A questionnaire study on parasite control practices on UK breeding Thoroughbred studs
Article first published online: 2 NOV 2011
© 2011 EVJ Ltd
Equine Veterinary Journal
Volume 44, Issue 4, pages 466–471, July 2012
How to Cite
RELF, V. E., MORGAN, E. R., HODGKINSON, J. E. and MATTHEWS, J. B. (2012), A questionnaire study on parasite control practices on UK breeding Thoroughbred studs. Equine Veterinary Journal, 44: 466–471. doi: 10.1111/j.2042-3306.2011.00493.x
- Issue published online: 6 JUN 2012
- Article first published online: 2 NOV 2011
- Received: 27.05.11; Accepted: 04.08.11
- parasite control;
- anthelmintic resistance;
Reasons for performing study: Improved education of veterinarians and equine owners/managers is essential in implementing parasite control strategies that are less reliant on chemicals.
Methods: This questionnaire study, conducted on 61 UK Thoroughbred (TB) establishments during 2009 and 2010, was designed to obtain an understanding of current helminth control practices on studs. To our knowledge, this is the first occasion that statements obtained from TB studs via questionnaire have been supported by statistical analysis.
Results: Despite many respondents indicating high levels of concern regarding anthelmintic resistance, 56% of these establishments that received visiting equines co-grazed these animals with permanent stock and <74% administered anthelmintics prior to integration. In the 12 months preceding the study, most respondents administered frequent macrocyclic lactone (ML) treatments, with none appearing to leave any animals in groups untreated at each administration. Indiscriminate whole group treatments with MLs and movement of animals to ‘clean grazing’ post treatment (reported by >25% of respondents), indicates that many stud owners/managers are not aware of the strong risk factors for the development of anthelmintic resistance. Few studs had conducted faecal egg count (FEC) analysis in the past and only 22% indicated that they considered this form of analysis beneficial in determining anthelmintic choice.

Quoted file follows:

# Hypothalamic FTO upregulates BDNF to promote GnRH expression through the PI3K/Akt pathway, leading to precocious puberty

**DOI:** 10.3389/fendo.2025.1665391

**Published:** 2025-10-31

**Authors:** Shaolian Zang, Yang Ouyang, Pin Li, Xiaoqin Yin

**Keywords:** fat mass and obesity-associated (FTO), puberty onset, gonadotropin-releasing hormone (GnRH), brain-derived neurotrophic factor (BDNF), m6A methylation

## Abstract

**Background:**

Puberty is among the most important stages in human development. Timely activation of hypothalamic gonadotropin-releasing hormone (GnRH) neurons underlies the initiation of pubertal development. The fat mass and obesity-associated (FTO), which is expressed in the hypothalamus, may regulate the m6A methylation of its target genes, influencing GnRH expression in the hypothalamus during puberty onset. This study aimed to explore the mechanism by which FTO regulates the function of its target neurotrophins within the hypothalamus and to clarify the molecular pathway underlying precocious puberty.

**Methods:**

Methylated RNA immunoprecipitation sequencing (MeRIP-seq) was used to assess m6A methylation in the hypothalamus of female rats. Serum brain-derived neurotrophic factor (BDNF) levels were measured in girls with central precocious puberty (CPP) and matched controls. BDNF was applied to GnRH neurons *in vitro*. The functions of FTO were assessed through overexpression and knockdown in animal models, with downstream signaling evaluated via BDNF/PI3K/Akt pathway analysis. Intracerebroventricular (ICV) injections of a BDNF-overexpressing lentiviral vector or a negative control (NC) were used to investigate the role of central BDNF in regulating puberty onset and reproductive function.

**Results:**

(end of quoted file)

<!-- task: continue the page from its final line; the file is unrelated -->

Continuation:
Conclusions and potential relevance: The challenge now is to convince stud owners/managers to deviate from their current practices to control strategies that are more likely to preserve anthelmintic efficacy. Veterinarians need to get more involved in implementing these control strategies, with better emphasis placed on the role of diagnostic tests in facilitating targeted treatments and in investigating anthelmintic sensitivity in the associated nematode populations.